Trip ReportA Wet Salathe in 2011
With family and work obligations, Tim and I don’t have a lot of time to hang out in the Valley. So the goal is always to fit in as much fun as possible from Friday afternoon to Sunday afternoon. Since climbing is more fun than sleep, this usually means that we climb non-stop from Saturday morning until Sunday morning when we return home.
A few years ago, climbing anything after the Salathe-in-a-day was unthinkable. Tim and I once spent 20 hours on the route, sprinted down to the car and hammered to the airport where I jumped on the plane 1 minute before the doors were closed.
But after a few link ups, like Triple Direct and the Nose, Lurking Fear and the Nose, and the double Nose, the Salathe-Nose link up started to seem like a brilliant idea. It would be well over a vertical mile of some of the best climbing we could imagine anywhere in the world.
The 2011 Spring season might go down as the wettest on record in the Valley. With our El Cap addiction at full tilt, this of course meant it was the perfect time to hone our wet rock climbing skills.
It was early June 2011 and after some spring runs up the wet Big Stone in between storms, Tim and I were determined to climb the Salathe with hopes of linking the Nose afterwards.
After 12 hours of travel from Colorado with my family, I met Tim at the bridge that Thursday evening to get some route conditions info. Tim had just pulled one of his typical 80 hour work weeks with commensurate lack of sleep, but in typical style, would only comment that he was “feeling 100%!”
We spoke to Eric. “Heard you just climbed the Salathe Eric, how was it? “Wet.” What do you mean wet? "Wet". How about the upper part? "Wet". The middle? "Wet". “But it is June.” “It’s wet.”
I really had my heart set on the Salathe. Maybe Eric wasn't a good source. It had been a full 24 hours since Eric was on the wall and he only seemed to have one word in his vocabulary: “wet.” Maybe in the last 24 hours conditions went from wet to dry during the wettest season in years on a route that is a known watercourse?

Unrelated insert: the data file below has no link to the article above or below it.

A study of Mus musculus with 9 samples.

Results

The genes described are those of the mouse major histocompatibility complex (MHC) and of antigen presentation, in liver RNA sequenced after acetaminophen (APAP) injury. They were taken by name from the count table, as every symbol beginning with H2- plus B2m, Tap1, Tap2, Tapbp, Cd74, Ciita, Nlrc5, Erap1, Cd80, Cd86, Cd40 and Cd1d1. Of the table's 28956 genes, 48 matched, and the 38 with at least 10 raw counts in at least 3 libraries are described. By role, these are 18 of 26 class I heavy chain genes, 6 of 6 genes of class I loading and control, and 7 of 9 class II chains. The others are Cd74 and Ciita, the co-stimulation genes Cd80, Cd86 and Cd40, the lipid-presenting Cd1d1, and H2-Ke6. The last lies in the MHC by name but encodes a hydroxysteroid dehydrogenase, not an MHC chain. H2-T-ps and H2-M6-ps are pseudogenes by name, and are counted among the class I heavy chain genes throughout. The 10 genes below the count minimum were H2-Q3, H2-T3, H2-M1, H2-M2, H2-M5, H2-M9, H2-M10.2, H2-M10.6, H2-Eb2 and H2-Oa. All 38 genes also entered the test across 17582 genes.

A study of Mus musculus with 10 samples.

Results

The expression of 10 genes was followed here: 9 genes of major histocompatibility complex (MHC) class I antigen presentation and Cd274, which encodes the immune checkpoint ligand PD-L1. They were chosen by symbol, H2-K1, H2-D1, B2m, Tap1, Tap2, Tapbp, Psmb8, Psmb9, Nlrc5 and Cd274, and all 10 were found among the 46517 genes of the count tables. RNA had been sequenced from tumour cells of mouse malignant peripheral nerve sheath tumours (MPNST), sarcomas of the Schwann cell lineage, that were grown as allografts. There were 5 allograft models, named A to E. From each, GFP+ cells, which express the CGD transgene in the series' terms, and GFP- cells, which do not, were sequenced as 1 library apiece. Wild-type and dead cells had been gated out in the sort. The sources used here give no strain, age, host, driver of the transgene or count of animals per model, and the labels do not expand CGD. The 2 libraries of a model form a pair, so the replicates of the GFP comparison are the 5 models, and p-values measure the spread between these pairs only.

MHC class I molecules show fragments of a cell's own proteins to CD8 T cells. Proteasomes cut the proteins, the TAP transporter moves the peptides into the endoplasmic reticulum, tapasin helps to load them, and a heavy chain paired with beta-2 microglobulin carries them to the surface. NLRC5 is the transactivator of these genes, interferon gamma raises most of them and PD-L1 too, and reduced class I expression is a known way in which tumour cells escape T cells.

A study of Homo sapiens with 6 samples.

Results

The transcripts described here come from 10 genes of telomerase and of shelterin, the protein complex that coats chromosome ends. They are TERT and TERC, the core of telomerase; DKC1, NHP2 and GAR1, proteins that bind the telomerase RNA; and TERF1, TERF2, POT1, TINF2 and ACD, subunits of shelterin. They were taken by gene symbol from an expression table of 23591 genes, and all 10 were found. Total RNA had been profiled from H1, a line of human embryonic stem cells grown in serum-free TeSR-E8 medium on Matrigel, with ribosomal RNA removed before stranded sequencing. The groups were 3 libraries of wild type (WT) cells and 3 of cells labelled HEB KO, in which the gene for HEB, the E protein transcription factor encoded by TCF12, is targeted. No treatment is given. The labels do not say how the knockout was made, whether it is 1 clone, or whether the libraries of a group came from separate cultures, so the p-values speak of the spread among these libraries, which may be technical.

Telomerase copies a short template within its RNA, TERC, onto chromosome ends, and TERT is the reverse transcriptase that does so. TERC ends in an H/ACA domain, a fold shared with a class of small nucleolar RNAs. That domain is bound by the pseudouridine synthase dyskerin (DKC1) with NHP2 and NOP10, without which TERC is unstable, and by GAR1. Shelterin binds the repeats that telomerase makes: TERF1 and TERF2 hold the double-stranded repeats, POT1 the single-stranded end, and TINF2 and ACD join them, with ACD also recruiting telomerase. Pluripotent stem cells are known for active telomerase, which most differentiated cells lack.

Since the waterfalls on the Salathe seemed small as seen through the binoculars, the next storm wasn't coming for 24 hours and people were claiming the Salathe just couldn't be climbed in a day under current conditions, we made the only logical choice. We moved up our El Cap start time to 1am from the normal 7am.
Since I was spending $240 per night for the serenity of the Lodge, we were certain to get a solid 4 hours of sleep before our alarm went off at midnight. We got 2. Lodge security thought we'd like to know the lights were on in our car. Only it wasn't our car.
We started the Salathe at 1:15am and it was not exactly our smoothest ascent. My brain was foggy and I was slipping everywhere on both wet and dry rock. We counted at least ten very wet pitches of the 30 something on the route. The sewer pitch was literally a waterfall. There were plants and grasses everywhere on the route. It felt like we were swimming more than climbing. I nearly took a 40'er when my foot slipped on some grass or water or maybe it was both. Tim did take a 40' fall when a cam popped.
The clouds rolled in before noon, preventing us from seeing the sun and the valley from hitting the forecasted 60. It felt more like 45 and we got cold. My wife, Jen, said it was the coldest day of the trip, which is saying something considering it rained the rest of the time.
We topped out in 17 hours at 6pm for our 5th ascent. That's a full 2 hours longer than the first time we climbed it 2007. With an approaching very major storm and enough wet climbing to last us a while, the Nose was given due consideration. A call was made to Jen’s parents in Ventura, who said it was raining as hard as they’ve seen it rain. So Gortex jackets were discussed along with the wind sheltered aspect of the Nose. But somehow we made it out of the gravitational tractor beam of El Cap and its mind warping effects. The Salathe + Nose would have to wait for another day.
Next Storm Rolling In
The rest of the weekend was a ton of fun. It rained. It rained some more. It continued raining. The campgrounds emptied out, leaving a few RVs and over half the campsites open on a June weekend. My daughter Amelia, Jen, my Dad and I went on an 8 mile hike up the 4mile trail. Later in the afternoon Amelia, Jen and I went to the stables, walking another 2.5 to get there. Amelia was the fastest in the group. That night we listened to Shelton Johnson speak; his book Gloryland is a good read.
The next day was the highlight of the trip for my daughter: horseback riding in perfect conditions. There were only 5 other riders besides us, the air was a cool and pleasant 45 degrees and the rain had eliminated the dust. Clouds were passing over the Column and Half Dome, making it feel like winter. With water rushing everywhere, there were waterfalls we had never seen and may never see again, and snow at the rim of the valley from the prior nights storm. Did I mention it was June?